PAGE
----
Easter is a very special day in our family. There are special surprises, special worship services, and a special dinner with favorite dishes and indulgent treats. Like this dense flavorful carrot cake. I’m not sure how it ended up on our Easter menu, because I first enjoyed it at my own wedding reception many moons ago–in the middle of December. Still, it has plenty of springtime panache. My mother-in-law shared the recipe with me when I was a newlywed and I’ve gladly shared it many times since then. It’s known simply as The Carrot Cake.
This cake is done entirely from scratch, with plenty of buttermilk, vanilla, butter and other such goodness. There’s also a glaze. And frosting. On top of the glaze. You’d better eat some extra asparagus, you know, for balance.
It’s a bit of work, but not tricky or difficult, and it’s just the thing for a special occasion. I used a bundt pan, because I think it looks pretty, but it works perfectly in a 9×13 also.
Now for the cake, with orange glaze and cream cheese frosting to follow.
- 2 cups of flour
- 2 tsp. baking soda
- 2 tsp. cinnamon
- 1/2 tsp. salt
- 3 eggs
- 3/4 cup oil
- 3/4 cup buttermilk
- 2 cups sugar
- 2 tsp. vanilla
- 2 cups shredded carrot (about 4 large carrots)
- 1 80z can of crushed pineapple, drained
- 2 cups shredded coconut
- 1 cup chopped nuts (I used walnuts)
- 1 cup raisins (optional)
Grease your bundt pan (or 9×13, that works well, also). Do a thorough job of it. I’m serious. Preheat oven to 350.
In a medium bowl, whisk together dry ingredients (flour, soda, salt, cinnamon). In a large mixing bowl, combine eggs, oil, buttermilk, sugar and vanilla. Beat gently until combined. Slowly add in the dry ingredients and beat gently until just combined. Mix in carrots, pineapple, coconut, nuts, and raisins.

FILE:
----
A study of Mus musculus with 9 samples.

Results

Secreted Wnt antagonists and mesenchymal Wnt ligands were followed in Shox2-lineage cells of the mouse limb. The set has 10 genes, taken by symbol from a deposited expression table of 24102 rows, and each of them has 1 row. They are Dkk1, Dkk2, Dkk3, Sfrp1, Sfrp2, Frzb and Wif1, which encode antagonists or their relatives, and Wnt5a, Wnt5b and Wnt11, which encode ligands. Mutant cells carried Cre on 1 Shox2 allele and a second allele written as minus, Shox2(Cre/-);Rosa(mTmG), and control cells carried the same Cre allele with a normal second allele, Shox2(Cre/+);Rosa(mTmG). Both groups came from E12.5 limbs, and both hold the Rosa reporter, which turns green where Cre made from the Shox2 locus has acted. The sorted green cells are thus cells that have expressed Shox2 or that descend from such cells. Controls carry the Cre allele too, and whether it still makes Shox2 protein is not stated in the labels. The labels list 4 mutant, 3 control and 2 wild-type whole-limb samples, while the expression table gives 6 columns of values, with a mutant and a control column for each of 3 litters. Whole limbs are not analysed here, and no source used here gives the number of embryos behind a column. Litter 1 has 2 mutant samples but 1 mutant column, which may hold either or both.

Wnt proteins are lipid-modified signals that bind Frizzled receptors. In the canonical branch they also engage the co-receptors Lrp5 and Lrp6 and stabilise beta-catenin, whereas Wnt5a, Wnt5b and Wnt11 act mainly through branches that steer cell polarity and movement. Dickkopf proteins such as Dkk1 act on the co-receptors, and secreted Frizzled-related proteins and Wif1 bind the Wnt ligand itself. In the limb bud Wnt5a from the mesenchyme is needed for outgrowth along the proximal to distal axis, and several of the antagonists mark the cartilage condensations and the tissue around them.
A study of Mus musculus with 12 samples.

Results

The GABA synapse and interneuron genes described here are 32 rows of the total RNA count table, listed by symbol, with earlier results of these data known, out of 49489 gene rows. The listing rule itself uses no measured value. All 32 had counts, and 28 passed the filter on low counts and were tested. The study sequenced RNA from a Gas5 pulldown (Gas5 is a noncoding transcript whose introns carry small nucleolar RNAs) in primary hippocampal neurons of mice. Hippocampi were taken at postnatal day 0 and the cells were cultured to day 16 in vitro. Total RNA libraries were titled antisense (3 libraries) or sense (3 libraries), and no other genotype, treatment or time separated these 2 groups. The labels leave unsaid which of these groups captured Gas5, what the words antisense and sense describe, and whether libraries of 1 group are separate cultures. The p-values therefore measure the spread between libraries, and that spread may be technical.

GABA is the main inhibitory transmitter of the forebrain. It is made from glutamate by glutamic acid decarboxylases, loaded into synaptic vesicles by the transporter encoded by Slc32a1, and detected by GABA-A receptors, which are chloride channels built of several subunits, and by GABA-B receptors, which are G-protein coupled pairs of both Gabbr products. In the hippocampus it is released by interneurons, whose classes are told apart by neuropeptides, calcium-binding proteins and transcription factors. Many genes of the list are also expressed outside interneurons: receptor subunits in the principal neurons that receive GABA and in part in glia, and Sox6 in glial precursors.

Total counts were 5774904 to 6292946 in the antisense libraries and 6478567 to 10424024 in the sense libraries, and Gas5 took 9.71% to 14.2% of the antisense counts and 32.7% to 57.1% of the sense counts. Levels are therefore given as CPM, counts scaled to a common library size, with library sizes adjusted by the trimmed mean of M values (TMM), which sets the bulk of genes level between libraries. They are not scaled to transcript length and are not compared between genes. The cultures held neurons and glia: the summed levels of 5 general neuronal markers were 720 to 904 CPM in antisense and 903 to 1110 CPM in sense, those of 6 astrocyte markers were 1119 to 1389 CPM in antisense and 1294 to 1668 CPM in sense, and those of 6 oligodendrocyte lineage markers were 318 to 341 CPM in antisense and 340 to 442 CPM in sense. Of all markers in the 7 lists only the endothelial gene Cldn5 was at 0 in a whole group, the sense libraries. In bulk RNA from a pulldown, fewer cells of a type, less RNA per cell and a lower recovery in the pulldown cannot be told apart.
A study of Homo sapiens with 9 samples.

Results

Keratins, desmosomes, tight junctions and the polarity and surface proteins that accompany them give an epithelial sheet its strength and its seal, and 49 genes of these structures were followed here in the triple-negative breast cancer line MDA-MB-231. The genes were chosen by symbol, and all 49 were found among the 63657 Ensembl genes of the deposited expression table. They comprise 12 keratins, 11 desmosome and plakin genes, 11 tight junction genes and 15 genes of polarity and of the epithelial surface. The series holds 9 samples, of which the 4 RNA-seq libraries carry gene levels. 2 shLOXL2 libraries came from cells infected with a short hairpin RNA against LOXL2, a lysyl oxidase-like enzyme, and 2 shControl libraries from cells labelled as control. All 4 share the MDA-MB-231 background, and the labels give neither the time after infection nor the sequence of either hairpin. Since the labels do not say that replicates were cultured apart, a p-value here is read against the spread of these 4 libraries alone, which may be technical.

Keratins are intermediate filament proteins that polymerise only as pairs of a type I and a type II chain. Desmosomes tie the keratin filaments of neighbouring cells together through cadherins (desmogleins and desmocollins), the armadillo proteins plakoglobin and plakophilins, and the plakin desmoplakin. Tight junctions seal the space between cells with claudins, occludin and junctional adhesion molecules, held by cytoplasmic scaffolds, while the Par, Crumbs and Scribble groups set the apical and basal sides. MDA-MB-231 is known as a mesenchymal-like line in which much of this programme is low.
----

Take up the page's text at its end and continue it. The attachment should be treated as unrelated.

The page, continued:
Transfer batter to your bundt pan, making sure to leave at least an inch of space at the top of your pan. This cake rise a bit in the pan, so leaving that extra space at the top is critical, unless you enjoy scraping spilled-over burnt cake bits out of your oven. Not that it’s ever happened to me, of course. All bundt pans are not created equal, they come in different sizes so you may have some extra batter in your bowl. Just grease a small loaf pan or other baking dish and bake the extra batter separately.
Bake at 350 for 1 hour, or until a toothpick inserted in the center comes out mostly clean.
Allow the cake to cool in the bundt pan, on a wire rack, for about 30 minutes before turning it out onto your serving plate. If it comes out imperfectly, just patch it up a little.
We’ll be covering it with divine glaze and luscious frosting, so nobody will notice those imperfections. It’s true, because I just had to do it with this cake right here. No biggie.
If you used a 9×13 pan, just leave the cake in the pan.
- 1 cup sugar
- 1/2 tsp. baking soda
- 1/2 cup buttermilk
- 1/2 cup butter
- 1 tsp. vanilla
- juice of 1/2 an orange
- 1 Tbsp. corn syrup
In a medium pot, combine all the ingredients and bring to a boil. The glaze will foam and froth up considerably, so watch it carefully. Do not overestimate the capacity of your pot. Boil for 1 minute. Pour over your baked but still warm cake, and allow everything to cool completely. Go hide some Easter eggs, then move on to the cream cheese frosting. I know it looks scrumptious just like this with all the glaze spilling over and soaking in, and it is, but just wait for that frosting.
- 8 oz cream cheese, room temperature
- 1/4 cup butter, softened
- 3 cups powdered sugar
- 1 tsp. vanilla
Begin by beating just the cream cheese until it’s nice and soft, then add the butter and mix well. Add 2 cups of the powdered sugar and beat until blended. Add remaining powdered sugar and vanilla and beat until smooth and fluffy, not to thick and stiff.
Now pipe or spread the frosting any way you like over your cooled cake. Let the frosting set a bit before serving, and enjoy! You’ll have a dense, moist, flavorful cake all puddled over with a sweet butter glaze and great dollops of tangy cream cheese frosting. It’s a keeper, I promise. Store leftovers in the fridge.
Happy Easter! I hope you enjoy this labor-of-love carrot cake, the carrot cake, and that your Easter holiday is extra lovely. If you’d like another outrageous dessert recipe, try this.